Two months ago, Mother Nature's winds drove Marlene Allen out of her rented North Avenue rowhouse. Yesterday morning, Ms. Allen returned to paint the house -- only to find it and two neighboring houses ablaze from the matches of arsonists.
"I can understand the tornado because that was Mother Nature's doing, but the fire is inexcusable," said Ms. Allen, a 43-year-old former office clerk who had signed a new lease on the house last week. "It hurts to know someone would ruin something of yours."
Homes on the 1100 block of E. North Ave., near Aisquith Street, were ravaged by a November tornado that swept through the neighborhood.
Ms. Allen's three-story brick house lost its roof, and heavy rains crushed the ceiling through to the second floor. That ruined new mattresses she had bought for her three children, a $5,000 living room suite, clothes and her refrigerator, she said.
About a foot of water stood in the house when she returned two weeks later. Ms. Allen, a cousin and her landlord began cleaning the house, throwing out soiled clothing and mattresses.
Yesterday, Ms. Allen had planned to finish painting the kitchen and two second-floor bedrooms. "I was coming down the street and I saw all the commotion with the firetrucks, but I wasn't sure where it was coming from," she said. "All I could see was red and orange flames leaping up into the sky, then I realized it was coming from my house."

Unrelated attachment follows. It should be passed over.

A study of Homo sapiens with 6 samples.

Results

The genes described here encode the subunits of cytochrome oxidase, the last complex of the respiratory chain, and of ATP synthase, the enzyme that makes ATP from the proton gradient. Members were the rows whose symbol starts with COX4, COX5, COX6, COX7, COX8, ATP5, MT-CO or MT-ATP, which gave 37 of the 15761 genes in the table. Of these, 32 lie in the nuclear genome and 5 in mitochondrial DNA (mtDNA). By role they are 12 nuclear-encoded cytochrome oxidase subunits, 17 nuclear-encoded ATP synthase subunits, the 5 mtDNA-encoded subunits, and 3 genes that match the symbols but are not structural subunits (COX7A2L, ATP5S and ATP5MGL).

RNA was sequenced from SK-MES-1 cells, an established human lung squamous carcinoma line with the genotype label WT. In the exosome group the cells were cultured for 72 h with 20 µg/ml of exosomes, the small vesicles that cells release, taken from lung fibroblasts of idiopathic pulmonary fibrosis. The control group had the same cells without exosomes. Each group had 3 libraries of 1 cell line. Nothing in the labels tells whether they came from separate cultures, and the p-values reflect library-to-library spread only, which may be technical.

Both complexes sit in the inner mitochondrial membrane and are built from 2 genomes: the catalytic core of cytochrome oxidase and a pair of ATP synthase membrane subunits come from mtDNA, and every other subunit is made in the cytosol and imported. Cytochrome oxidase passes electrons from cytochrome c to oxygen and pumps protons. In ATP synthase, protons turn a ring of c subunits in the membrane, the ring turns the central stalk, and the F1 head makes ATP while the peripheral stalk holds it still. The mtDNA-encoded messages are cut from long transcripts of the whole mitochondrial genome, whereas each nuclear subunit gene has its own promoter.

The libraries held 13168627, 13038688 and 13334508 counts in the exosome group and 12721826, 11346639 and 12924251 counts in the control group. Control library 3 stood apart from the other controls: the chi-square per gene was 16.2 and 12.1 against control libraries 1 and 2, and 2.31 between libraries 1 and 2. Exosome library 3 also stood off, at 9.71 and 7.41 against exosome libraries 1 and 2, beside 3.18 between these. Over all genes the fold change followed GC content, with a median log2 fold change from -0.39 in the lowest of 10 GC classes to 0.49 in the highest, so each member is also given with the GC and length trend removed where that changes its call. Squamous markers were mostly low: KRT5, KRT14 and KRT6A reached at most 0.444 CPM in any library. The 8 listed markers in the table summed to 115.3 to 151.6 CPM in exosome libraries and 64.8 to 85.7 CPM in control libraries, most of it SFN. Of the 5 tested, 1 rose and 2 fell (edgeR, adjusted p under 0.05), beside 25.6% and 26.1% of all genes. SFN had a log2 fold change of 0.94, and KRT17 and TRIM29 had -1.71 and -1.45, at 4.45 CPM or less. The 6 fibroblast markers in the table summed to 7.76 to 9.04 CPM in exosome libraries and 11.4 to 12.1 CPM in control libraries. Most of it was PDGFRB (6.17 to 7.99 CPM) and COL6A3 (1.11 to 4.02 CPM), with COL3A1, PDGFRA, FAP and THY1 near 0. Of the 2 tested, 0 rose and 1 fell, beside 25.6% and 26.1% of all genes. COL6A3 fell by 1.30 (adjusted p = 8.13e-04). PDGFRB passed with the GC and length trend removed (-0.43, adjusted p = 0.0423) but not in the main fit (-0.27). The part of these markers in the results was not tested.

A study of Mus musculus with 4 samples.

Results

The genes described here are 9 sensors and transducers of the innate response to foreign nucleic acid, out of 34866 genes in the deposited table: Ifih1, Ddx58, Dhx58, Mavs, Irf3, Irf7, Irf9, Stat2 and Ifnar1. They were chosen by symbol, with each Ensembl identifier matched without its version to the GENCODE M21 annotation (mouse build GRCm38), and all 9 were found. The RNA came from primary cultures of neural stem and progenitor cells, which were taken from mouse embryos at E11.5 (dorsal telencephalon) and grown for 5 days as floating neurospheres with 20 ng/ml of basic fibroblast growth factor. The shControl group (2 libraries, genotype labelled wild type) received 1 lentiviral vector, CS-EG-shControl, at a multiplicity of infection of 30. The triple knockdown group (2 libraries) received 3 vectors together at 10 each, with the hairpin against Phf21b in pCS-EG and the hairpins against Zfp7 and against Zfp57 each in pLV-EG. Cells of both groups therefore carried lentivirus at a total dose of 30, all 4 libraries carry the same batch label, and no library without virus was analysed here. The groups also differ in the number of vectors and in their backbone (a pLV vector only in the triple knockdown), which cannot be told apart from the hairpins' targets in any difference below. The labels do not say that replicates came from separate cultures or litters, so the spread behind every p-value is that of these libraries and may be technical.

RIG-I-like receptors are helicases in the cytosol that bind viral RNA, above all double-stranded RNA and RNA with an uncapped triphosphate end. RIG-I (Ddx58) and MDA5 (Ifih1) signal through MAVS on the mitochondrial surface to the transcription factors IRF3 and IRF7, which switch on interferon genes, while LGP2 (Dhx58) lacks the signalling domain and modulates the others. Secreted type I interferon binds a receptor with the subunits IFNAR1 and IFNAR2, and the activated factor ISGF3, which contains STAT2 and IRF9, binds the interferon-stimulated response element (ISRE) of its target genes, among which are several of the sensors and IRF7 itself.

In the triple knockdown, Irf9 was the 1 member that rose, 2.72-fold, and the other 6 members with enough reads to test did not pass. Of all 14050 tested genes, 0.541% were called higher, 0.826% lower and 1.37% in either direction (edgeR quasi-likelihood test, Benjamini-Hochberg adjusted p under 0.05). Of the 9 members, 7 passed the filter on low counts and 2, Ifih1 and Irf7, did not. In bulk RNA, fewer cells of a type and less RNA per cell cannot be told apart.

Just one block from her charred home, Ms. Allen is living with relatives in the 1100 block of Hope St., where a shiny red front door stands out among spray-painted walls and overflowing trash cans.
"I'm living on Hope Street now and hoping nothing else will happen to my house again," she said with a chuckle. "At least no one was hurt in the tornado or in the fire, so I guess you could say we've already received a little hope and blessings."
Firefighters said the fire had been set and estimated the damage at $25,000. Police had no suspects yesterday. At least one other fire occurred in Ms. Allen's house this week, according to neighbors, but firefighters were not called.
"We've been through three disasters in the past few months," said John Patti, 52, who lives a few houses down from Ms. Allen. "The tornado, a small fire this week and this big one today. . . . I don't think we can handle another."
"Anytime a tornado and two fires come through here and some houses remain untouched and others get ruined, it isn't nothing other than prayer holding these walls up," said Ronald Busby, 53, a friend of Mr. Patti's.
But Ms. Allen says she's going back to North Avenue.
As firefighters were throwing piles of burnt clothing from second-story windows, she remarked, "I know people will say we can't fix this old house and I'm sure the landlord's not going to put any more money into it, but for some reason, I just can't let go of this house.
"Even though this is a raggy neighborhood with its share of problems, I don't worry because I don't live for the block. I think if we put our minds to it, we can rebuild."